When the procurement process functions with the intent of improving sustainability, it sends a ripple effect throughout business operations. From facility management to product distribution, environmentally-focused initiatives permeate all facets of an organization.
Beyond "going green"
AFFLINK Marketing Director and Environmental Leader contributor Michael Wilson acknowledged that exercising sustainable strategic sourcing surpasses the act of simply obtaining eco-friendly products. Considerations regarding corporate cost reduction, operational efficiency, how companies use internal resources and supplier relations make a considerable impact.
With this concept in mind, it's important to regard sustainable procurement as a multi-layered approach, abiding by the following process.
- Scrutinizing supplier practices
- Finding an efficient way to transport goods from point A to point B
- Surpassing government regulatory standards
- Re-distributing waste to other entities or in-house
- Analyzing production processes to see where energy use can be reduced
Doing business with sustainable entities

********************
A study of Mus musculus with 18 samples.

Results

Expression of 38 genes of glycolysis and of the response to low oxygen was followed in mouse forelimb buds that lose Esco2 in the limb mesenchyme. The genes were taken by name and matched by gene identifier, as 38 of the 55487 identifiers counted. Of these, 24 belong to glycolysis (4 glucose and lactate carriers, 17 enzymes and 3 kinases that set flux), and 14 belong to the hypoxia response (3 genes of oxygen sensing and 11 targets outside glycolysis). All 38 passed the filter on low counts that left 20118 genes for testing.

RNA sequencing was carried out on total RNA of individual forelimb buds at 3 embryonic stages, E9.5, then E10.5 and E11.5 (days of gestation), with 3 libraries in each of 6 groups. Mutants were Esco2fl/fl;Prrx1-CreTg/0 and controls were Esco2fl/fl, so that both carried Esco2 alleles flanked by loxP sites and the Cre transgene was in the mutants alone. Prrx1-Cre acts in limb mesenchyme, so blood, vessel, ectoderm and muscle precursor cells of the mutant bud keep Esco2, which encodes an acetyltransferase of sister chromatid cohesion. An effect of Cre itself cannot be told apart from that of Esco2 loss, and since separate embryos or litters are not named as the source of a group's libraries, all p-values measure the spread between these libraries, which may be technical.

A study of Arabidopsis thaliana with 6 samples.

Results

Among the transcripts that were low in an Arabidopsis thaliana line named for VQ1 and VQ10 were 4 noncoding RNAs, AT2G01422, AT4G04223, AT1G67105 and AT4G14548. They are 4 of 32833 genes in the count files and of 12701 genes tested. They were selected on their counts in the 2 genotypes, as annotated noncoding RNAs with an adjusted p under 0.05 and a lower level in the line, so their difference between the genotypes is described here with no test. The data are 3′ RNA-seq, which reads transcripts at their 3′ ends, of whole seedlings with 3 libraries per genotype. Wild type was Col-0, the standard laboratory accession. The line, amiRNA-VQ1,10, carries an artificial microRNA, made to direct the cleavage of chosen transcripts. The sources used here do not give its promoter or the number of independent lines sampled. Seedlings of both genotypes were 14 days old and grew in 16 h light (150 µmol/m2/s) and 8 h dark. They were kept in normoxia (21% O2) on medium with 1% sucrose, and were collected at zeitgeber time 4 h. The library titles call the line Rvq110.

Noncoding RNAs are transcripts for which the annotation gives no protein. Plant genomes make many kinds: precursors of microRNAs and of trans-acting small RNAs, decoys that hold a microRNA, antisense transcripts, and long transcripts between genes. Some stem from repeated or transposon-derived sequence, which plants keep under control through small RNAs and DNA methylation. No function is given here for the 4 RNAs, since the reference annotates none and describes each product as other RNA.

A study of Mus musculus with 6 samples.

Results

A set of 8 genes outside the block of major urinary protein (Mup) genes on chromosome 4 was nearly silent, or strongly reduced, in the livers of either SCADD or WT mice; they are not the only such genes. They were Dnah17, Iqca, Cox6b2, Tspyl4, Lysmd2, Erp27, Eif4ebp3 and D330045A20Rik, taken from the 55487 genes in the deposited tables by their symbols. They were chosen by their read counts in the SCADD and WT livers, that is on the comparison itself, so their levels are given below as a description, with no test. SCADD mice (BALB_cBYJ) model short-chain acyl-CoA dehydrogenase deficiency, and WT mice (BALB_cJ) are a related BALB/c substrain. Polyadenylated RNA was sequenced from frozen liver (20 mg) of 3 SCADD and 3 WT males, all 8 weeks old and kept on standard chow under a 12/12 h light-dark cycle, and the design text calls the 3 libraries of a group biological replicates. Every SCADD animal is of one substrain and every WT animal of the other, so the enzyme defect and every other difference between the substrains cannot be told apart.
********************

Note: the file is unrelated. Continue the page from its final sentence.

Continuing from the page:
The easiest way for business leaders to tackle a multi-faceted approach to sustainability is to contract with enterprises that have the same goals in mind. In addition, surveying companies operating under government entities that make proactive efforts to reduce their environmental impact will help businesses network with other ecologically-conscious organizations.
For example, Business Green noted that The European Commission recently unveiled new proposals that would raise recycling goals and encourage investment in green jobs, such as wind turbine production and installation.
By connecting with a corporation abiding by the EC's standards, procurement specialists will be able to assure their counterparts that Suppliers A, B and C don't need to be audited on a consistent basis. A huge part of sustainable global sourcing consists of relationship building.
Wilson acknowledged the importance of stepping back from materials acquisition and networking. In order for environmental goals to be reached, a culture of sustainability must be incited by:
- Forming a team of specialists representing different facets of the company to develop an eco-friendly strategy
- Setting up a system of communication within the organization that streamlines information sharing
- Creating leadership roles that guide all departments toward the end goal
- Training personnel on how to integrate sustainability into their day-to-day work processes
- Finding ways to resell wasted items to suppliers or other enterprises
These points should translate to the RFP process. The mindset of contracting with partners offering materials at a reasonable price should still persist, but considerations for how those goods are produced must be regarded as well. However, sustainability should never outweigh profitability - operating at a loss isn't going to benefit the environment or an enterprise.